LONDON, ENGLAND – The young cat, named Molly, lived as a house cat in a tower block and had regular access to a balcony that had netting across to prevent her from escaping.
However, she somehow managed to break through the protection on her owner’s balcony and fell to the ground.
Molly had not yet been spayed and was in season, which experts said could explain why she was so desperate to get out to find a male.
A member of the public, who lives in the tower block but did not know the cat’s owner, spotted Molly just as she was coming into the building with her son.
The injured and frightened-looking cat was huddled in a corner just by the entrance, with blood coming out of her nose.
The woman brought Molly to The Mayhew animal rescue centre in Kensal Green, where vets took care of her injuries.
Molly was given X-rays and also an ultrasound, and was found to be suffering from a broken front leg and a fractured pelvis.
She was put on pain relief, her limbs were bandaged, and she was kept at the centre while animal welfare officers tried to track down her owners.
Molly’s owner, an elderly lady, was eventually found and she has since been reunited with the cat – who was also spayed at the centre.
The pensioner had been in hospital and had made arranged for someone to visit during the day to check up on Molly, feed her and keep her company.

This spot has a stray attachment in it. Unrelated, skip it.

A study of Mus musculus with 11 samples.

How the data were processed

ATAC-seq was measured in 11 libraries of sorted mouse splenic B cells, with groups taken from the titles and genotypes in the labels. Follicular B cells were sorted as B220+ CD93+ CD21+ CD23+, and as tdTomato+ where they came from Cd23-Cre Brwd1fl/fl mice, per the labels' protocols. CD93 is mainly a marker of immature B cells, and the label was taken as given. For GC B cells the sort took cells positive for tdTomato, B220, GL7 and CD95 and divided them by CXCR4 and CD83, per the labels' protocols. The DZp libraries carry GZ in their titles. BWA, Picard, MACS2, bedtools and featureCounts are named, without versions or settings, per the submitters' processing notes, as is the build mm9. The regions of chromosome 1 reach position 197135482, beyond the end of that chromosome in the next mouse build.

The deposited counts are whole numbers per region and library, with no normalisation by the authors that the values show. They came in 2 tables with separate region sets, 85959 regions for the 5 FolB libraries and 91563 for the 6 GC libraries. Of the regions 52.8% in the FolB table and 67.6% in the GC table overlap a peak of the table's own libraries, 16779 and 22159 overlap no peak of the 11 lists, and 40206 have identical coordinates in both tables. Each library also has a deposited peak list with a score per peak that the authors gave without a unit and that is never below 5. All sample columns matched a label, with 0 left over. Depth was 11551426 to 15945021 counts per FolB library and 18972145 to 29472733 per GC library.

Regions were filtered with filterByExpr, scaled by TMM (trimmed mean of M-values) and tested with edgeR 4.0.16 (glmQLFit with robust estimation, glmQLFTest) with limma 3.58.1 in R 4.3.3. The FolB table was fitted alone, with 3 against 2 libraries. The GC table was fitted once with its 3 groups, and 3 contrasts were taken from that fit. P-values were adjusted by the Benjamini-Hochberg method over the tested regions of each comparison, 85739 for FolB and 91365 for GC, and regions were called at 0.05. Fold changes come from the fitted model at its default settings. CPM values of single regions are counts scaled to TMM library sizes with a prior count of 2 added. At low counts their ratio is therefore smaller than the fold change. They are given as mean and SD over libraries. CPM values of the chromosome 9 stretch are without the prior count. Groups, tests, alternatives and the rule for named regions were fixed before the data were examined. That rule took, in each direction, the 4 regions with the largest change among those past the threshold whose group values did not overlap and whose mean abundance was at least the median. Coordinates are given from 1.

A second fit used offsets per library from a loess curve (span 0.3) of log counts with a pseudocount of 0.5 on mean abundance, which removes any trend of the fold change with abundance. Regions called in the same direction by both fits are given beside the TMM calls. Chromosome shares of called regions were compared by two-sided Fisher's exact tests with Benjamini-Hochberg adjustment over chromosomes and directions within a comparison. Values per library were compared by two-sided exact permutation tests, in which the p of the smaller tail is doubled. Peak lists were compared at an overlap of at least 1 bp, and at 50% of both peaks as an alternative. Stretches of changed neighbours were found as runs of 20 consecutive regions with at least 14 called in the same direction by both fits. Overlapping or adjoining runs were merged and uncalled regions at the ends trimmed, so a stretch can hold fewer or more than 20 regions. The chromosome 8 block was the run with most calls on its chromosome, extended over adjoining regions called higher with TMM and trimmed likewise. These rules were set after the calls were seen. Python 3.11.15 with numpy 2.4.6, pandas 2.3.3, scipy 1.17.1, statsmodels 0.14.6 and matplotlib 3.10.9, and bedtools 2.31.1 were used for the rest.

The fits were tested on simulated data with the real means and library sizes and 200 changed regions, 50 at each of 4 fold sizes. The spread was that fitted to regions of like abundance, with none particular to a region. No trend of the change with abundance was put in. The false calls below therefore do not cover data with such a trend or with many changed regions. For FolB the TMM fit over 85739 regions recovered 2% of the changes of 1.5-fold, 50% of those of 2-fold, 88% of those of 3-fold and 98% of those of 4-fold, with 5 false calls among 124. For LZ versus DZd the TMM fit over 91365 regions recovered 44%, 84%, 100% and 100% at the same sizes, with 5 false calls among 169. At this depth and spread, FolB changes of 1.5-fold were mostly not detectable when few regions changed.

The lady had owned cats all her life and always had them spayed/neutered, but had been wrongly advised that she needed to wait for Molly to be at least six months before getting her spayed.
The Mayhew’s Animal Welfare Manager, Zoe Edwards, stated: “Poor Molly went through an awful ordeal and must have been in a lot of pain after falling from such a great height.
“We suspect that Molly managed to break through the netting on her balcony because she was in season. When a female cat is in season they are restless and hormonal, and their instincts will make them do everything they can to find a male – which might have been what made Molly so desperate to break through.”
“A female cat can actually get pregnant from as young as 4 months of age, when they are still technically kittens themselves. Unfortunately it’s this common misconception that you need to wait for cats to be older before neutering, which adds to the number of cats who end up on the streets or at our shelter.”
There was also a happy twist in the story – the woman who found Molly formed a friendship with her owner, and now visits her and her adventure-seeking cat on a regular bases.